The Surprising Benefits of Nonconformity

New research finds that under certain circumstances, people wearing unconventional attire are perceived as having higher status and greater competence.


When and why does nonconformity in appearance lead others to make positive rather than negative inferences about an individual? We examined this question and identified conditions under which observers attribute enhanced status and competence to a person whose appearance does not conform to the norm for a particular setting. Our studies explored various environments and populations, from business executives to shop assistants at high-end boutiques in Milan, Italy. (Detailed findings from our research will be published in a forthcoming article in the Journal of Consumer Research.)

Our studies found that nonconformity leads to positive inferences of status and competence when it is associated with deliberateness and intentionality. In other words, observers attribute heightened status and competence to a nonconforming individual when they believe he or she is aware of an accepted, established norm and is able to conform to it, but instead deliberately decides not to. In Zuckerberg’s case, for example, many observers saw his decision to wear a hoodie on his tour of the most important Wall Street banks to be a deliberate choice.

In contrast, when observers perceive a nonconforming behavior as unintentional, it does not result in enhanced perceptions of status and competence. When a nonconforming behavior appears to be dictated by lack of means, lack of better alternatives or lack of awareness of the dress code, it will not lead to positive inferences from others. Thus, to benefit from deviance from the norm, we should make sure that others perceive our nonconforming practices to be deliberate and intentional choices. From a psychological standpoint, intentional deviance from a norm can project heightened status and competence by signaling that one has the autonomy to act according to one’s own inclinations. Autonomous individuals tend to act independently and behave according to their own rules.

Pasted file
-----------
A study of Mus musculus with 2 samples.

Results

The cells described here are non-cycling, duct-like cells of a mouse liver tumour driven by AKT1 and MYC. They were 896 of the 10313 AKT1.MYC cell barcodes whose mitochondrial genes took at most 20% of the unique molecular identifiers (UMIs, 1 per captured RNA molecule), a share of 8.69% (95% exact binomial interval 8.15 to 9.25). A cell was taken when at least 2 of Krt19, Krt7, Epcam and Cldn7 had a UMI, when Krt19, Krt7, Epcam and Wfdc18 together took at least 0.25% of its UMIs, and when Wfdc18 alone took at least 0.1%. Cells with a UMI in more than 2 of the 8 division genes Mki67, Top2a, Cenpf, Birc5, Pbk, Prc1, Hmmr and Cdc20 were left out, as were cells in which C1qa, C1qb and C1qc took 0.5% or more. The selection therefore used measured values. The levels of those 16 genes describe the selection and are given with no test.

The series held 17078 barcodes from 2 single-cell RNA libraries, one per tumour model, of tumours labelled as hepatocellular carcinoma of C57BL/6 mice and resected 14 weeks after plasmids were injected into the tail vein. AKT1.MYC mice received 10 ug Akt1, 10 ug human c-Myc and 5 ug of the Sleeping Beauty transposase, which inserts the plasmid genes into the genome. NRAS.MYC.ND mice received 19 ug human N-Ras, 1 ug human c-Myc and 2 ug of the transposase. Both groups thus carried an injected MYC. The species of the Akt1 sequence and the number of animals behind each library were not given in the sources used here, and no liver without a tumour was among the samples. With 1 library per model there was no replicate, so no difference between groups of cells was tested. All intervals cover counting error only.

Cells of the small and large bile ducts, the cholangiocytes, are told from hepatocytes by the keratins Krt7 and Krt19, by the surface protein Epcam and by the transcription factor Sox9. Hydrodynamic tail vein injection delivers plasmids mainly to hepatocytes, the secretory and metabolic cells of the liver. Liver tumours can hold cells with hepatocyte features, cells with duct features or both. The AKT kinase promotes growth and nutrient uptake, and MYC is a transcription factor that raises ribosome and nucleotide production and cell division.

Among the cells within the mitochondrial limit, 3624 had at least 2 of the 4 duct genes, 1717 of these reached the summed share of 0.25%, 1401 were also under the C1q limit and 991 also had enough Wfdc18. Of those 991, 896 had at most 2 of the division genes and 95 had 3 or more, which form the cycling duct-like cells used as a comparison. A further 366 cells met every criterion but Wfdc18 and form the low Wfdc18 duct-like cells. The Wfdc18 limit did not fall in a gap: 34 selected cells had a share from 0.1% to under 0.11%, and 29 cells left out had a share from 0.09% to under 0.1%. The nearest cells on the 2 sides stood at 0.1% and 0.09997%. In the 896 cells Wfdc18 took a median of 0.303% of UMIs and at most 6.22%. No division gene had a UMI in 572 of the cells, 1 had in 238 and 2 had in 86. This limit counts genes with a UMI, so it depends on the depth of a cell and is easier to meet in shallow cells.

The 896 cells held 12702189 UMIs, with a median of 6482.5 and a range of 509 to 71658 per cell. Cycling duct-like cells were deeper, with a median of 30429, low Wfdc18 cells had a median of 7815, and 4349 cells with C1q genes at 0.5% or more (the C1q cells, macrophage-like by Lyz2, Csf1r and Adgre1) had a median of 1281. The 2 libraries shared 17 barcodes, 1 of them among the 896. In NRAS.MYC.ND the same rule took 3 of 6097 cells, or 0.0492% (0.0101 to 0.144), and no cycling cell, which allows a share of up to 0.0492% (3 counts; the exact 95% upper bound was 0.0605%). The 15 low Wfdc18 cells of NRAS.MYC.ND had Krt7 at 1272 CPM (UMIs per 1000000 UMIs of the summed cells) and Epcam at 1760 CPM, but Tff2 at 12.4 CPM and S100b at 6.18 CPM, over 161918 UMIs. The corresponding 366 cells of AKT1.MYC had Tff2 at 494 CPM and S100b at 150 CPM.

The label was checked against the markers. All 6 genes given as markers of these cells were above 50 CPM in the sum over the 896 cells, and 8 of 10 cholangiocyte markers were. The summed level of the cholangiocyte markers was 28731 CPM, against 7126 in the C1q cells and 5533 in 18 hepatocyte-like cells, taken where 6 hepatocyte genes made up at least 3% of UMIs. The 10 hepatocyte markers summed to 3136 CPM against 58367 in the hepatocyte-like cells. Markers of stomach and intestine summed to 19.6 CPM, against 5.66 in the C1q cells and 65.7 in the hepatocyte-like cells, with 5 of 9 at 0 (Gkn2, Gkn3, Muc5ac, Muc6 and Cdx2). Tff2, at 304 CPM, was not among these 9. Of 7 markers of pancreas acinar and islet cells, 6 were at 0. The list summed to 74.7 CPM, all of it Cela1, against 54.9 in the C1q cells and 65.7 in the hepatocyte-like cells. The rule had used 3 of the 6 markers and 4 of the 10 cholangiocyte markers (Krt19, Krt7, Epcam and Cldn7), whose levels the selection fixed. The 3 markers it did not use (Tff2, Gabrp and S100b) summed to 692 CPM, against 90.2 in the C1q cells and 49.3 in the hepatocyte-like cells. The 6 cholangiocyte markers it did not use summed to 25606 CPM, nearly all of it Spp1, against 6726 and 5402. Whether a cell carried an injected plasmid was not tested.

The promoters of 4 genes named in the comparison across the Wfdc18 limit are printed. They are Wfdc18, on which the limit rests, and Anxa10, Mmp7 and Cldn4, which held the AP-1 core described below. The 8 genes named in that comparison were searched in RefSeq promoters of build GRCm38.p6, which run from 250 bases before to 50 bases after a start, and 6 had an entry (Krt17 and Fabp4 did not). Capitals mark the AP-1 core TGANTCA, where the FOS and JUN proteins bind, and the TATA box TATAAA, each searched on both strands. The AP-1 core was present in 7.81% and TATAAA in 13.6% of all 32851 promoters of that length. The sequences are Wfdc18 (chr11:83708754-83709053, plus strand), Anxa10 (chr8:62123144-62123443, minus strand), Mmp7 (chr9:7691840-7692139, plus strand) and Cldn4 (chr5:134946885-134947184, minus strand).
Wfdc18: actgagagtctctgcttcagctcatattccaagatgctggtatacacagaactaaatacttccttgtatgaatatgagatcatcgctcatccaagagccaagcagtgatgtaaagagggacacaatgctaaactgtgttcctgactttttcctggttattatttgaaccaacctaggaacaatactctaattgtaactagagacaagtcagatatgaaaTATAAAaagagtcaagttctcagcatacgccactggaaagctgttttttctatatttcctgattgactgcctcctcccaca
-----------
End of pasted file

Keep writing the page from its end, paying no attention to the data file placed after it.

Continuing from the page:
William Hartwig
Nonconformity is always a risk. That particular risk is subject to your motives and to the particular context in which you exercise it. What purpose does it serve? Lower risk exists when your nonconformist behavior, dress, etc., are simply about you. People can typically pick up on authenticity. Are you the same inside as you are outside? A little sandpaper in the marketplace would do us good!
Agustinus Lawandy
In my experience intentional nonconformity can be a way of getting people to talk. People talk easily when there is something striking about us and they don't have to find a reason to talk with us, it's right there in front of them!  This can be a good strategy in a way, I expect people to be more friendly and curious when I decided to wear something weird or eye catching, they will seem to think it is funny and in many cases their guards is lowered. Although I have known this, perceiving nonconformity as a means to elevate status in a social setting was something unthinkable to me, and counter-intuitive since I have always thought the opposite happened. But it actually makes sense if I think a leader as someone who is different and play by one's own rules.
Muhammad Saeed Babar
Non-conformity is acceptable only when it emanates from an already accepted source. In the cited example of Facebook CEO, it is not surprising because of his personal status as well as company status. As a general statement, non-conformity is rejected out rightly.